March 17, 2009

Brimley and "the kafir behind"

Tom Ricks is trying to stir up trouble for his old friend Shawn Brimley, making him out to be some shadowy figure deep in the bowels of the Pentagon conspiring to eliminate the U.S. Air Force. Some things need to be made clear:

  1. Shawn is, in fact, in the bowels of the Pentagon.
  2. His only co-conspirators are, like, five dudes. Oh, and McCants (man-crush of jihadists everywhere).

That said, I glanced down at the last page of Shawn's most recent article (.pdf) yesterday -- which I had already read, weeks ago -- and noticed anew this line toward the end:

Recent conflicts have called into question the long-standing requirement for the US military to plan for two nearly simultaneous major combat operations of the type required for regime change in the Middle East or East Asia. A new force-planning construct needs to acknowledge that military forces, particularly ground forces, are far less fungible than previous QDRs assumed. Put another way, a new force-planning construct cannot assert that forces deployed as part of long-term, steady-state advising or partnering missions will be able to be reset and shift rapidly to major combat operations.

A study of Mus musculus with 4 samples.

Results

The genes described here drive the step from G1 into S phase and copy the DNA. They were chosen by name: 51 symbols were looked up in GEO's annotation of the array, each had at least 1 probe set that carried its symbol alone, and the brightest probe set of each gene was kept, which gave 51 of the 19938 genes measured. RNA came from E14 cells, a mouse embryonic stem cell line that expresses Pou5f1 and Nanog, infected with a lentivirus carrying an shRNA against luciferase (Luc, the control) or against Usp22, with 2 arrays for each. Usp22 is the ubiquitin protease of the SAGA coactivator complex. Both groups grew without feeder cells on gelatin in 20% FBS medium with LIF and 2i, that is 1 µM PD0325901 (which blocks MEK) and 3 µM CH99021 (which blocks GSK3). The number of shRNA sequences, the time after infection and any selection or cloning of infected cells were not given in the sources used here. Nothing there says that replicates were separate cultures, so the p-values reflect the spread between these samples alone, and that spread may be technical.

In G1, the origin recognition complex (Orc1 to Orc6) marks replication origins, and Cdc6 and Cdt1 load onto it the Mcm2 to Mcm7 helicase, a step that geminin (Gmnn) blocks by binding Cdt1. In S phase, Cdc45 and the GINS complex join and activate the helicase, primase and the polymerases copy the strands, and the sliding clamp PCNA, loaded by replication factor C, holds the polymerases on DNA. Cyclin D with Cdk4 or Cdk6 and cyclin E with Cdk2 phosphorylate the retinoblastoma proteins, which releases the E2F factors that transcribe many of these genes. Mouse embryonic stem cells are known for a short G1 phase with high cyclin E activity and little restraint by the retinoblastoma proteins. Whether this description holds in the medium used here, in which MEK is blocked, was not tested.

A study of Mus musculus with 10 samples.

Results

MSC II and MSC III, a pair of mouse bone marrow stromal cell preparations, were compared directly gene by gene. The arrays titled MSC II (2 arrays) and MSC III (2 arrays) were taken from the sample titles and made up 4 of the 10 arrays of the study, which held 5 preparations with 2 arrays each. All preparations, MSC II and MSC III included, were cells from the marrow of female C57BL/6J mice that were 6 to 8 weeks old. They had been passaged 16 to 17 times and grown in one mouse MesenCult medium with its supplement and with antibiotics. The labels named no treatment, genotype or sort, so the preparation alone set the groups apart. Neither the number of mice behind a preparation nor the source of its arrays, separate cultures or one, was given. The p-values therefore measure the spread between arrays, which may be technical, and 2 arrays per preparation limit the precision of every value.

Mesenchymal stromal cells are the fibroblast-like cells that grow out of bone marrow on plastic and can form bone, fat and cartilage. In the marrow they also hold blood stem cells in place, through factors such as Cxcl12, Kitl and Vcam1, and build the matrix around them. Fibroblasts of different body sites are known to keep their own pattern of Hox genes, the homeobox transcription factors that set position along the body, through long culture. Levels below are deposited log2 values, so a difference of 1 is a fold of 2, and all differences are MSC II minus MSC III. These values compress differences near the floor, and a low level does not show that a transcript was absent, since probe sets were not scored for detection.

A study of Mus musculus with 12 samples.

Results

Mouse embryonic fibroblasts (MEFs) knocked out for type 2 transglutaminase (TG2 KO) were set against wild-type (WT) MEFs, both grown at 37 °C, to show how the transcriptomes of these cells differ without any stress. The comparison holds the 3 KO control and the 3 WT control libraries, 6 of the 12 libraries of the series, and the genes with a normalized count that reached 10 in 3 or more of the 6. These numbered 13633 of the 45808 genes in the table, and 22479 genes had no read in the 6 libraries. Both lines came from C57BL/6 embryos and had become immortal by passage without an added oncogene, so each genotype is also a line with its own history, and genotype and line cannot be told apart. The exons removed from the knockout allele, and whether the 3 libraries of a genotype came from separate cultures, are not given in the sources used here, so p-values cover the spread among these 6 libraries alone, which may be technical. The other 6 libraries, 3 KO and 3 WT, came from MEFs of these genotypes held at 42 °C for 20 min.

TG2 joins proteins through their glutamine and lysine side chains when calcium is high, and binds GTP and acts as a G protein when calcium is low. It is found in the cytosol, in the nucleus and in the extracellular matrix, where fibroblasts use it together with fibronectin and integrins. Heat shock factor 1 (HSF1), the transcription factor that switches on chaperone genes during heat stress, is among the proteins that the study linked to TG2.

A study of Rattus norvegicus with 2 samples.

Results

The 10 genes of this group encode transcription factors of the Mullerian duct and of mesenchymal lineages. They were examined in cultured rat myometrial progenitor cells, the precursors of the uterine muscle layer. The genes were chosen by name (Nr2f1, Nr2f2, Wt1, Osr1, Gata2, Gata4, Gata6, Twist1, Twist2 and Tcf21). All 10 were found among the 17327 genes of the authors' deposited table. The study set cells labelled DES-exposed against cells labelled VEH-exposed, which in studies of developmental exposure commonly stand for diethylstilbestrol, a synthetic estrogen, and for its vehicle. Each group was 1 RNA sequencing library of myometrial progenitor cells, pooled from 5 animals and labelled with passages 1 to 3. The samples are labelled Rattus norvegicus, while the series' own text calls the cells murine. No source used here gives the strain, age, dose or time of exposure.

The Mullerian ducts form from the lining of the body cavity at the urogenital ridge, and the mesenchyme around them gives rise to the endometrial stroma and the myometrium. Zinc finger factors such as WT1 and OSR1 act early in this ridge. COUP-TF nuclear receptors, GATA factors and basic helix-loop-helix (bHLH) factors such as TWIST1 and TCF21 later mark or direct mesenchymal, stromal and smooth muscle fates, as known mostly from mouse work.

That immediately made me think of that article that ran in the Times this past weekend:

The protracted wars in Iraq and Afghanistan are forcing the Obama administration to rethink what for more than two decades has been a central premise of American strategy: that the nation need only prepare to fight two major wars at a time.

Along with the RAND report that several readers highlighted, I recommend reading Shawn the White-Board Scribbler's paper as well as you think about what kind of QDR we're going to be looking at in a few months.